This post originally appeared at the UMWA website.
Declaring that a decision by Bankruptcy Court Judge Kathy Surratt-States amounted to “curb service” for Patriot Coal, Cecil Roberts, international president of the United Mine Workers of America (UMWA), told a crowd of more than 4,000 gathered here that the union will never stop its campaign for justice for miners and retirees abandoned by Patriot and its creators, Peabody Energy and Arch Coal.
"Peabody and Arch and the judicial system think they have won, but I don’t care what that judge did,” Roberts said. “There is a higher judge. There is an Almighty Judge. And there is a book that has the Word in it. That book tells me you're not supposed to lie...you're not supposed to steal...you're not supposed to misrepresent. Peabody and Arch have stolen. They are liars. And we are here for justice.”
The animated crowd of active and retired miners, their families and labor and community supporters from at least nine states rallied in front of the Henderson County Courthouse in this latest in a series of rallies, many of them in St. Louis, where the coal companies are headquartered and the bankruptcy hearing was held.
Kentucky state Rep. Brent Yonts said the May 29 decision by the bankruptcy court was “a new victory by the robber barons” that should send a clear message to members of Congress that we must “change the bankruptcy laws so we don’t allow this to happen to working people.”
Michael Pape, a key aide to U.S. Rep. Ed Whitfield (R-Ky.), in whose district today’s rally was held, said the congressman would “work tirelessly to make sure the coal companies live up to their promises and you get your benefits. The congressman will do everything he can to make sure the promises made to you are honored.”
Kentucky State AFL-CIO President Bill Londigran expressed the support from union members everywhere, reflected in the crowd by signs and T-shirts bearing the names of the United Steelworkers, UAW, AFSCME, SEIU and many more. “The UMWA is connecting this struggle to a renewed spirit of solidarity, which will unite a new movement of workers willing to fight back against corporate tyranny and another generation of robber barons.”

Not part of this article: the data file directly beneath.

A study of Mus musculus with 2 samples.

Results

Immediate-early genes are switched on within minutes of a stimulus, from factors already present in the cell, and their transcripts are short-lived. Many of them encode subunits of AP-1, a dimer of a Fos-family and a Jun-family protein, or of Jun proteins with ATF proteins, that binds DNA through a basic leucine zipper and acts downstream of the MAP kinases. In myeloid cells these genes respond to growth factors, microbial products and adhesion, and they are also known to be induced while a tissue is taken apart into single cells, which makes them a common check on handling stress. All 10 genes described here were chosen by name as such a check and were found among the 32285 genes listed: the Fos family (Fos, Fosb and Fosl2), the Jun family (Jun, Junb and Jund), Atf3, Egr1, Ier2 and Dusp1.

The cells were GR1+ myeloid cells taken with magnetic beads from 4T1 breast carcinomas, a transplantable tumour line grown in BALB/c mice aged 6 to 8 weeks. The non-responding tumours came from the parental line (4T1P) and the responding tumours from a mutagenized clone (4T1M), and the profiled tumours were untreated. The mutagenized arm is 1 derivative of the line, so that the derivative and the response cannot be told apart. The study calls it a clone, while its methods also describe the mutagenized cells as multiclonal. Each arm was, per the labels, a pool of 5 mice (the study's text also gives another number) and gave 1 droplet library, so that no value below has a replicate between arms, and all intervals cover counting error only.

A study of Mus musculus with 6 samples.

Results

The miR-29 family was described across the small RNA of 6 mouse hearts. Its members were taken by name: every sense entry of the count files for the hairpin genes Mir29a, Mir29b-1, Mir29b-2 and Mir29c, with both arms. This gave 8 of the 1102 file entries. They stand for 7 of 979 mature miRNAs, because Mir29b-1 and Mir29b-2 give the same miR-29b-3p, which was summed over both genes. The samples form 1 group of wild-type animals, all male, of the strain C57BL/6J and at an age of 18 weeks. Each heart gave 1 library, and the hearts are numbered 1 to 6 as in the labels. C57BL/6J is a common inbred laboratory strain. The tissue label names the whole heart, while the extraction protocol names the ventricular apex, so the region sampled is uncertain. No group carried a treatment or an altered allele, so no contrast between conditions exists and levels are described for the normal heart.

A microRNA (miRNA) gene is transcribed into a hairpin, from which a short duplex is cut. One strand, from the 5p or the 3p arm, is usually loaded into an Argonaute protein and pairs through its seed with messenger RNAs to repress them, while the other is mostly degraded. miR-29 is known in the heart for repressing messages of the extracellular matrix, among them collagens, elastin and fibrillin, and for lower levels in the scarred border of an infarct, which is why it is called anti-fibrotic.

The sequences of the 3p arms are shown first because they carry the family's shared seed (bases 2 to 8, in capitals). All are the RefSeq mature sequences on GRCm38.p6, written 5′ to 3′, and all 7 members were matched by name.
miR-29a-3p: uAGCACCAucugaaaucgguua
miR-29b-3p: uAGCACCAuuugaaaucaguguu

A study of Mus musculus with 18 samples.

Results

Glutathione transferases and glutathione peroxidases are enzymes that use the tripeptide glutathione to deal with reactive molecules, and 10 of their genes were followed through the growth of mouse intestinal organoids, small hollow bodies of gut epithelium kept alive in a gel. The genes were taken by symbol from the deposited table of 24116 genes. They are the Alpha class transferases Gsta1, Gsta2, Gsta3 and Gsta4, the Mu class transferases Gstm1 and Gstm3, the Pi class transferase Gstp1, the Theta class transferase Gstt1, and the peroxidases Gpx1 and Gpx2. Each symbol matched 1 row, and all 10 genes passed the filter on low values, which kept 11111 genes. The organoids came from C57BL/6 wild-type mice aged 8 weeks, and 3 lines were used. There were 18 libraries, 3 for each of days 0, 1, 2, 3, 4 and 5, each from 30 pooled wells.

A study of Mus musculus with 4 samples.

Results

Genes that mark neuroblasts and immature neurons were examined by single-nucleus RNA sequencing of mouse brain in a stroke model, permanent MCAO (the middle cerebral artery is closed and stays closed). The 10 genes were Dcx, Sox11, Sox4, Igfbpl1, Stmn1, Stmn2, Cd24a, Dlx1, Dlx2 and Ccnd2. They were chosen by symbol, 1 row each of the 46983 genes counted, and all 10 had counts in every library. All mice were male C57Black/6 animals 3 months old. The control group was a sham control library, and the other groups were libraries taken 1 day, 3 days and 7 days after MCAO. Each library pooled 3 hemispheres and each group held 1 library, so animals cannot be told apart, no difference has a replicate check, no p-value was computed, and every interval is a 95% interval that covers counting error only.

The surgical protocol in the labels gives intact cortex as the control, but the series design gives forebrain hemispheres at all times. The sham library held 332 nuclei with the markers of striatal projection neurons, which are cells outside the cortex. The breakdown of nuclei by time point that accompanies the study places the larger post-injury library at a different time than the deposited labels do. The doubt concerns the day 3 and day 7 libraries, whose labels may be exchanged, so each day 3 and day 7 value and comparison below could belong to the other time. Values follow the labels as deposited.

“This has become a country by, for and of the corporations. We need the people to stand up and be heard from,” he said. “This movement is the United Mine Workers ‘Traveling Salvation Show.’ If you want a better America, we can fix it today. You just give working-class people their God-given right to join a union again.”
“I’ve got a message for Peabody and Patriot and the judicial system in this country,” Roberts said. “This is a movement by the people, for the people and of the people. We are the nurses who heal the nation, the teachers who teach the nation, the building trades who build the nation, the police who protect the nation and the coal miners who energize the nation!”
As in previous rallies in St. Louis and Charleston, W.Va., the rally was opened and closed with prayers, and 15 of the activists offered themselves up for arrests at the end with a display of nonviolent protest, sitting in the middle of Main Street. Roberts and UMWA Secretary-Treasurer Dan Kane were arrested, along with Londigran.
The Rev. Anthony Shonis, associate pastor of the Holy Name of Jesus Catholic Church, invoked the memory of generations of coal miners past, who had endured hardship at the hands of cruel mine operators, but who had organized and fought for workers rights.
“Dear God,” he prayed, “we are here with many witnesses who are behind us. But now we see the light, that every generation of miners must continue the fight for workers’ rights. We can never rest until we defend the rights of every worker. By your grace, we will not be turned back.”